The parents of twins born just 24 days apart call the birth of their baby boys nothing short of a miracle. On June 10, Lindalva Pinheiro da Silva and her husband, Ronaldo Antunes, shared the story of the high-risk pregnancy and delivery of twin boys that -- so far -- is beating all odds, according to a report out today by ABC News.

Random twin boys (file photo)
Photo by Mario Tama/Getty Images

At Boston's Tufts Medical Center, the set of twins born apart by 24 days were supposed to be born on June 18, based on a typical nine month gestation period. However, just six months into her pregnancy, da Silva's water broke and she and her husband raced off to the hospital.

According to the CDC’s website on reproductive health, "preterm birth is the birth of an infant prior to 37 weeks of pregnancy.” Additionally, this type of early pregnancy accounts for a significant amount of infant deaths yearly (37% in 2009). It is also the cause of an alarming number of neurological dysfunctions in children who survive beyond critical stages.

Knowing that 50 percent of premature babies born this soon die and those that survive have some sort of physical or mental impairment, doctors tried their best to delay the birth of the boys. Even faced with a litany of concerns about her own health, da Silva reasoned that she would do everything possible to save her children.

As Dr. Sabrina Craigo explained about the pregnancy:

This was unique, uhm, in many ways, uhm, including that both twins are doing very well."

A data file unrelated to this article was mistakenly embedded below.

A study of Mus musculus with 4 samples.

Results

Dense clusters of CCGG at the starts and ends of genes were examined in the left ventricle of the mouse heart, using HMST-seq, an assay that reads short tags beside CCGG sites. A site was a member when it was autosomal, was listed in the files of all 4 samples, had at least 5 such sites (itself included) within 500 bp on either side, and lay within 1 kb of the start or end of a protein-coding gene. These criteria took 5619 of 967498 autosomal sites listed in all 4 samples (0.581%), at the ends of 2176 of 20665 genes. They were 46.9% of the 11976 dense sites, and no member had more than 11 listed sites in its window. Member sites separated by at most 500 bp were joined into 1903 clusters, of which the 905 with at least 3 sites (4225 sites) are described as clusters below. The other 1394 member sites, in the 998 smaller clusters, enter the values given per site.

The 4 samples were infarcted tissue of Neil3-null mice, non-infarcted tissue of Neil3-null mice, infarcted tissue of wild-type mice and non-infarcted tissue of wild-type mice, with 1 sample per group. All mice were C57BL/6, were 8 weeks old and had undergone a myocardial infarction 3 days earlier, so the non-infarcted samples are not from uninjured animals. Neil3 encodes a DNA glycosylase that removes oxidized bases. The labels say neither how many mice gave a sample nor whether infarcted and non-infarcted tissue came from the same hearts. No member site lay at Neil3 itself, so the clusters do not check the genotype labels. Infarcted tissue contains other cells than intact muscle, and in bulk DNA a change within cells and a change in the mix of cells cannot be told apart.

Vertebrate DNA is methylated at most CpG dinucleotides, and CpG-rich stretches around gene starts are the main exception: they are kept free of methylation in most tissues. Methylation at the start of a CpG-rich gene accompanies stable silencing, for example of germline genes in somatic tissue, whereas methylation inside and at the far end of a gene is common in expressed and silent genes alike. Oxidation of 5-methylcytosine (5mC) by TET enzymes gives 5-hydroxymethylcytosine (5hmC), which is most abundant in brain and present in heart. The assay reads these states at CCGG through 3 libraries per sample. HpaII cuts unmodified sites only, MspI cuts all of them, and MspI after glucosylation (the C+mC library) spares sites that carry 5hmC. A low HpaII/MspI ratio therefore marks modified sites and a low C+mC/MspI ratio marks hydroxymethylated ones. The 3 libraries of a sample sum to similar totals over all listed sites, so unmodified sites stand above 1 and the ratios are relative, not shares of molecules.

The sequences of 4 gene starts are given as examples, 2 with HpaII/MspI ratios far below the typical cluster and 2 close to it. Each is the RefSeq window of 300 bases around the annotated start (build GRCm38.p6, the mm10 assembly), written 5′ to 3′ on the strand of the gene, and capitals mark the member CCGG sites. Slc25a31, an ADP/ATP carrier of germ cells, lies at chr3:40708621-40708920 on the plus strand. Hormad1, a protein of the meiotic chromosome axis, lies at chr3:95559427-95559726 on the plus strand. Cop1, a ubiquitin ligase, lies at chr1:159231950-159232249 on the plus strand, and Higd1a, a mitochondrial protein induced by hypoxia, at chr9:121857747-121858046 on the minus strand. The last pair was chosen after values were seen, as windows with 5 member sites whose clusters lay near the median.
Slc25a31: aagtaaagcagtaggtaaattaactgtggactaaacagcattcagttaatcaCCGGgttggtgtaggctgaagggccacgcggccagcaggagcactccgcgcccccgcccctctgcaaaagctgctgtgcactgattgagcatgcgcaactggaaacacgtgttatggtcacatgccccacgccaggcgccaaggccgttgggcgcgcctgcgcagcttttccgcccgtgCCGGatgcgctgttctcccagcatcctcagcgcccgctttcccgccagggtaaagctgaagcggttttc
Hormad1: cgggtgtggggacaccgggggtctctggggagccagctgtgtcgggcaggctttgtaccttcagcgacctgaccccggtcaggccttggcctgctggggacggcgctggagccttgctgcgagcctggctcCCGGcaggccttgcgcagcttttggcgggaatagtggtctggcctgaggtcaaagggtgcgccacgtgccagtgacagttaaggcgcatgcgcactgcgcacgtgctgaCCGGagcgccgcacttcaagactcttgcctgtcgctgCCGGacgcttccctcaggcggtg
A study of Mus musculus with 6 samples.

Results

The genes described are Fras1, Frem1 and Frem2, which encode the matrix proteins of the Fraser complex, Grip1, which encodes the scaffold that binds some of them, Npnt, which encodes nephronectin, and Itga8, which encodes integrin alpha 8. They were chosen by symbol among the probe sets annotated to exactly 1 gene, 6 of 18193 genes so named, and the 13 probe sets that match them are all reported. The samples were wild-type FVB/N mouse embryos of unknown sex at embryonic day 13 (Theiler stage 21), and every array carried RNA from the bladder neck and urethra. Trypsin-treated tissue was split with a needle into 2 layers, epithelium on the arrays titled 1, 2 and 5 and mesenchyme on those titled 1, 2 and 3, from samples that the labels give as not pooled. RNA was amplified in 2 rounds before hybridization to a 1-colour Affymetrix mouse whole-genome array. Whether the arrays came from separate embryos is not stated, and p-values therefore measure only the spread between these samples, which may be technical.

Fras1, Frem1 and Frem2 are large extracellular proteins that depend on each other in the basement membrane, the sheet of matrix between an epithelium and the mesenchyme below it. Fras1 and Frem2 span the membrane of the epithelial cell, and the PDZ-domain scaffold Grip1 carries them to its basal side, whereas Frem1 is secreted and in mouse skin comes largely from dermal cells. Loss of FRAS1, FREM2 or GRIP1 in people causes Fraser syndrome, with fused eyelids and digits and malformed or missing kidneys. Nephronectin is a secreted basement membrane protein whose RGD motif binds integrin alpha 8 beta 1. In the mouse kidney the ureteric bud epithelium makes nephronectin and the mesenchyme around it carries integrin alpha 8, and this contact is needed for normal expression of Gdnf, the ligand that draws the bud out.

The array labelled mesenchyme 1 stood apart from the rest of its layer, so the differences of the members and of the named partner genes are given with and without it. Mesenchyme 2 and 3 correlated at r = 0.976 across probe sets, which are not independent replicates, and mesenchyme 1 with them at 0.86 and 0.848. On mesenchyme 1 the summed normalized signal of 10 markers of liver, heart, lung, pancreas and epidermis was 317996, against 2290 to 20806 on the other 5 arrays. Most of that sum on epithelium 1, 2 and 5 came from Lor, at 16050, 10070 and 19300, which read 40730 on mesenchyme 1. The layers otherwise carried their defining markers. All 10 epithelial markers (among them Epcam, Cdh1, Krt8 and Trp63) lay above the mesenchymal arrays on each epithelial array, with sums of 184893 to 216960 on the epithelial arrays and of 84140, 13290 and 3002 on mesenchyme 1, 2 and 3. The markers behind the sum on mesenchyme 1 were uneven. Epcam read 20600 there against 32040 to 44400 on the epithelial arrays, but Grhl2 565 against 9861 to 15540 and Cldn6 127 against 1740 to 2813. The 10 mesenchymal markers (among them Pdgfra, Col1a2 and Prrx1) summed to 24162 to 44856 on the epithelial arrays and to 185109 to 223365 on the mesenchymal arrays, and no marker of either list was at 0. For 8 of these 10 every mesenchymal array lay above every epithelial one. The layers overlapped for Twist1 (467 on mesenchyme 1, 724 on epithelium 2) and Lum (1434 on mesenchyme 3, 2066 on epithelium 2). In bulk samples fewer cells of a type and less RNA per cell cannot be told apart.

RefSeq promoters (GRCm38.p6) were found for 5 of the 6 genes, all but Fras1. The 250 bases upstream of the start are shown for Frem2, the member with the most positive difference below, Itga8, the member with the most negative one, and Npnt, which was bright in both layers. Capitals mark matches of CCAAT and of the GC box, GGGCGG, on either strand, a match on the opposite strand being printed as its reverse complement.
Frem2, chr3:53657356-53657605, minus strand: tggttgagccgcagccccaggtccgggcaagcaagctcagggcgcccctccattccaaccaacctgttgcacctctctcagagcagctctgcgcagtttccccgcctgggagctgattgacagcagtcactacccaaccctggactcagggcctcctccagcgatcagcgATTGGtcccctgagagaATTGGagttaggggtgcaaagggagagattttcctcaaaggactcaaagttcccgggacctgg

I panicked. It wasn't time. It was too early. I knew I could lose the babies," said the new Boston mommy, who shared details of her potentially life-death situation.

Four days later, doctors performed the risky process of delivering the babies. Alexandre was the first to emerge and weighing in at only 1 pound, 10 ounces, he could fit in the palm of the woman's hand. And while hospital staff cleaned up her newborn, doctors told da Silva the next baby should emerge in hours, a day, or no more than a week. Instead, the woman's contractions simply stopped.

As doctors explained, the mom's womb is the best place for a child to develop, unless there is the threat of infection. And as long as the mother stays healthy -- mentally and physically -- the other baby should fare well.

They were right; three weeks later, the contractions returned and within a few hours, baby Ronaldo was born, healthy and slightly bigger than his twin brother. He tipped the scales at 3 pounds, 3 ounces, largely due to the extended time in the womb.

The twins born 24 days apart are thriving and should be discharged to their new home on June 18, their original projected birth dates. Imagine that?